Water is essential for the body. But it can be boring to drink, especially when you already have a knack for soda or wine. If you want to drink more water but aren’t loving the taste (or lack thereof), here are some ways to enhance it without adding any sugar or artificial sweetener:
1. Add fresh fruit.
Fruit flavors are yummy, but it’s always better once it’s natural. Add a bit of whatever fruit you like. Citrus fruits like lemons, oranges, and limes are classic water enhancers, but there are many more fruit flavors that can make your taste buds happy. Try crushing fresh raspberries or blueberries, or adding slices of strawberries. Infuse these fruits into your water for four or more hours for the flavor to be rich. You may also want to refrigerate it overnight. For pineapple chunks, soaking it in water for at least two hours will be enough.
2. Add cucumber.
Cucumber isn’t a fruit, and it’s one of the most refreshing things to add to water, so it deserves a separate category. Slice some cucumbers and allow it to infuse for at least four hours. Mix and match cucumber with fruit for double the flavor.
3. Use herbs and spices.
During the summer, mint leaves are one of the best things you can add to your water to make it even more refreshing. For adding interesting flavor, you can add basil leaves, parsley, cinnamon sticks, nutmeg, whole cloves, and lavender. Chop up the leaves, crush the cloves or nutmeg, add cinnamon sticks and lavender whole, or mix any powdered spices into the water.
4. Use juice.
Any natural fruit juice (no sugar, no artificial sweetener, not concentrate) can be a good base flavor for water. Apple, grape, pomegranate, and cranberry are especially delicious. Natural fruit juices are great enhancers not just for their taste but also for the vitamins and antioxidants they offer.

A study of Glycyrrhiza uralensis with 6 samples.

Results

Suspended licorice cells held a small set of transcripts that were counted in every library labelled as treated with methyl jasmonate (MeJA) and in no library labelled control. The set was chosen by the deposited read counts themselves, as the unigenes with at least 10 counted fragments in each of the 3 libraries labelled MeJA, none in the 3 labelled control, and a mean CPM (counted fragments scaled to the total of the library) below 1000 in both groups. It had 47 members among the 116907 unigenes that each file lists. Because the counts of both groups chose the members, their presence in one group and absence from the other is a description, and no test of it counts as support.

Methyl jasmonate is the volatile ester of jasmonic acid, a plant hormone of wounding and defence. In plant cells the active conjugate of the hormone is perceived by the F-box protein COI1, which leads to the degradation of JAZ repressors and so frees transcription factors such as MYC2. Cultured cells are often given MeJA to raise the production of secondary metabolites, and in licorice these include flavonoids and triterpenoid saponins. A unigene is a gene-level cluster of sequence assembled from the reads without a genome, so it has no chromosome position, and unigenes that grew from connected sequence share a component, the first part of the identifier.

5. Use liquid water enhancers.
You can buy water enhancers https://beinglike.com/10-best-liquid-water-enhancer-reviews/ in the market that can make your water more refreshing and exciting to drink than plain water. Go for sugar-free water enhancers, but don’t be fooled. Even sugar-free variants may contain aspartame, a low-calorie artificial sweetener that has a bad rep for its potential negative side effects for the health. Check out some of these non-aspartame water flavorings. https://beinglike.com/yes-there-are-non-aspartame-water-flavorings-that-taste-good/
6. Make it bubbly.
Some people prefer sparkling water to be plain old, still water. You may try a naturally effervescent mineral water that offers the added benefit of minerals. You can also mix sparkling water to still water so that it’s not as gassy as sparkling water alone. Another option is using plain seltzer water to add your own carbonation.
7. Get creative with ice.
For some people, ice water tastes better than water served at room temperature. If that’s true for you, flavored ice cubes may even be a better drink. Use some of the flavor suggestions above, add them to your ice cube tray along with water, and then freeze it. The next time you drink water, add those flavored ice cubes.
8. Stir in some stevia.
You may simply sweeten your water a little bit to make water more enticing to drink. Sir, in some powdered or liquid stevia to sweeten. Stevia is a natural sweetener, so you don’t have to worry about it.
9. Add rose water.
If you want to get a little bit fancy, add a few drops of rose water to your plain water.
10. Drink tea.
While tea isn’t technically water, some kinds of tea are better for you than black teas or coffee because they contain little to no caffeine. Add a bag or two of teas that are herbal, fruit, white, green, and red and allow it to steep according to instructions. Chill if you want iced tea. There are countless of flavors to choose from.
11. Try broth or stock.
If your palate wants something savory, you may pass on tea and start sipping some broth or stock diluted in hot water. Choose low-fat and low-sodium versions for maximum health benefits. Better yet, make a soup out of your boiled meat, if you won’t be using the liquid for the recipe. These plain soups are water-based, so a cup of hot soup counts as a cup of water added to your daily consumption.